Radar image tones may also vary in another systematic and controllable way. When a pulse of photon energy leaves the transmitter, its electrical field vector can be made to vibrate in either a horizontal (H) or a vertical (V) direction depending on antenna design. Most reflected pulses are parallel-polarized, i.e., return with the same direction of electric field vibration as the transmitted pulse. Thus, we get either a HH or VV polarization pairing of the transmitted and returned signals. However, upon striking the target, the pulses can undergo depolarization to some extent, so that reflections with different vibration directions return. A second antenna picks up cross-polarization that is orthogonal to the transmitted direction, leading to either a VH or HV mode (first letter refers to the transmitted signal). Some ground features appear about the same in either parallel or cross-polarized images. But, vegetation, in particular, tends to show different degrees of image brightness in HV or VH modes, because of depolarization by multiple reflecting branches and leaves. Compare the HV image of Harrisburg shown below with the previously shown (p. 8-3) K-band image of that area, obtained simultaneously in the HH mode.
Other factors contribute to the brightness or intensity of the returned signal. Two material properties provide clues about composition and surface state by the manner in which these attributes interact with the incoming pulses. One property is the dielectric constant (its symbol is the small Greek letter, κ, kappa), which is the ratio of the capacitance of a material to that of a vacuum (yielding dimensionless numbers; the value of κ is arbitrarily set to 1 for a vacuum). It is a measure of both the conductivity and reflectivity in terms of the electrical response of materials. This electrical property describes a material's capability (capacity) to hold a charge, which also measures the material's ability to polarize when subjected to an electric field. Radar waves penetrate deeper into materials with low dielectric constants and reflect more efficiently from those with high constants. Values for κ range from 3 to 16 for most dry rocks and soils, and up to 80 for water with impurities. Moist soils have values typically between 30 and 60. Thus, variation in reflected-pulse intensities may indicate differences in soil moisture, other factors being constant. Variations among rocks is generally too small to distinguish most types by this property alone.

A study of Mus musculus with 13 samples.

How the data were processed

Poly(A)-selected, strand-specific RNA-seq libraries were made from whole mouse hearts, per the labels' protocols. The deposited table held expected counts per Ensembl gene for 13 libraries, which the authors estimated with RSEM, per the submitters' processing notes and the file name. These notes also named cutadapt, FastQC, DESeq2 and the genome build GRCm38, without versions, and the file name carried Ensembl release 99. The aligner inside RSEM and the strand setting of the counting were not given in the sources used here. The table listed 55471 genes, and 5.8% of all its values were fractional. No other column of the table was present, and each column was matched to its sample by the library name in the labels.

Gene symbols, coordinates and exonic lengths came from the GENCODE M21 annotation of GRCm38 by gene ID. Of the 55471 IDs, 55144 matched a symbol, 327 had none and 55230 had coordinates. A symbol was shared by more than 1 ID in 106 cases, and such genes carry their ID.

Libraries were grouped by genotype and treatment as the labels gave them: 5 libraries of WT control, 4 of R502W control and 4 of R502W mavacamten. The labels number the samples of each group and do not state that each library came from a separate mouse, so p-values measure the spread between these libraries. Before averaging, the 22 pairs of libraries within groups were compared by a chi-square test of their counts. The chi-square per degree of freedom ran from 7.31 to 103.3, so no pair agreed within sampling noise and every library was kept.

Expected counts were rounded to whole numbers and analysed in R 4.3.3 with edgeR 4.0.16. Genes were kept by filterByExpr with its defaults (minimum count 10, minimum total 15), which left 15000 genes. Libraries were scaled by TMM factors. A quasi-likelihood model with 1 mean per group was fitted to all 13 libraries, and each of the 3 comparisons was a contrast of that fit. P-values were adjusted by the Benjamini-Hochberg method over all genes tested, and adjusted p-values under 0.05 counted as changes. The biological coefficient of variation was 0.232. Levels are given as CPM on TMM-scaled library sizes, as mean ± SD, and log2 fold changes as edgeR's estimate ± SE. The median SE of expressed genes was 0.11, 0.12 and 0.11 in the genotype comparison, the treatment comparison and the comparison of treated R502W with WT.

The second material property is roughness. Materials differ from one another in their natural or cultivated state of surface roughness. Roughness, in this sense, refers to minute irregularities that relate either to textures of the surfaces or of objects on them (such as, closely-spaced vegetation that may have a variety of shapes). Examples include the surficial character of pitted materials, granular soils, gravel, grass blades, and other covering objects whose surfaces have dimensional variability on the order of millimeters to centimeters. The height of an irregularity, together with radar wavelength and grazing angle at the point of contact, determines the behavior of a surface as smooth (specular reflector), intermediate, or rough (diffuse reflector). To quantify the effect of different wave bands, a surface with a given small irregularity height (in cm) will reflect Ka band (λ = 0.85 cm), X band (λ = 3 cm), and L band ( λ = 25 cm) radar waves as if it were a smooth, intermediate, and rough surface, respectively. Other height variations produce different responses, from combinations of "all smooth" to "all rough" for the several bands used. This situation means a radar, broadcasting three bands simultaneously in a quasi-multispectral mode, can produce color composites, if we assign a color to each band (see below). Patterns of relative intensities (gray levels) for images made from different bands may serve as diagnostic tonal signatures for diverse materials whose surfaces show contrasted roughness.
As an example of multiband color composites, here is one made from SIR-C radar data that shows the Roter Kamm impact structure in western Africa:
Radar wavelengths also influence penetrability below target tops to ground surfaces. Depth of penetration increases with wavelength, λ. L and P band radar penetrate deeper than K or X bands. In forests, shorter wavelengths, such as C band, reflect mainly from the first leaves encountered, thus, from the canopy tops. At longer wavelengths, most tree leaves are too small to have much influence on backscatter, although branches will interact, so that canopies are penetrated to varying degrees. The image below, acquired by the SIR-C SAR during its Shuttle mission, shows how L-band radar has penetrated through the dense, continuous tropical vegetation cover of the Amazon Basin in Brazil to image the gently rolling terrain beneath.
Signals for all common radar bands pass through the fine droplets of moisture making up clouds, so that this condensation is effectively transparent or invisible to the beam. However, large ice crystals or raindrops do backscatter K-band radiation. Weather radar relies on this band to "picture" clouds and determine their movement using the Doppler effect (the apparent frequency shift that depends on motion toward or away from the receiver).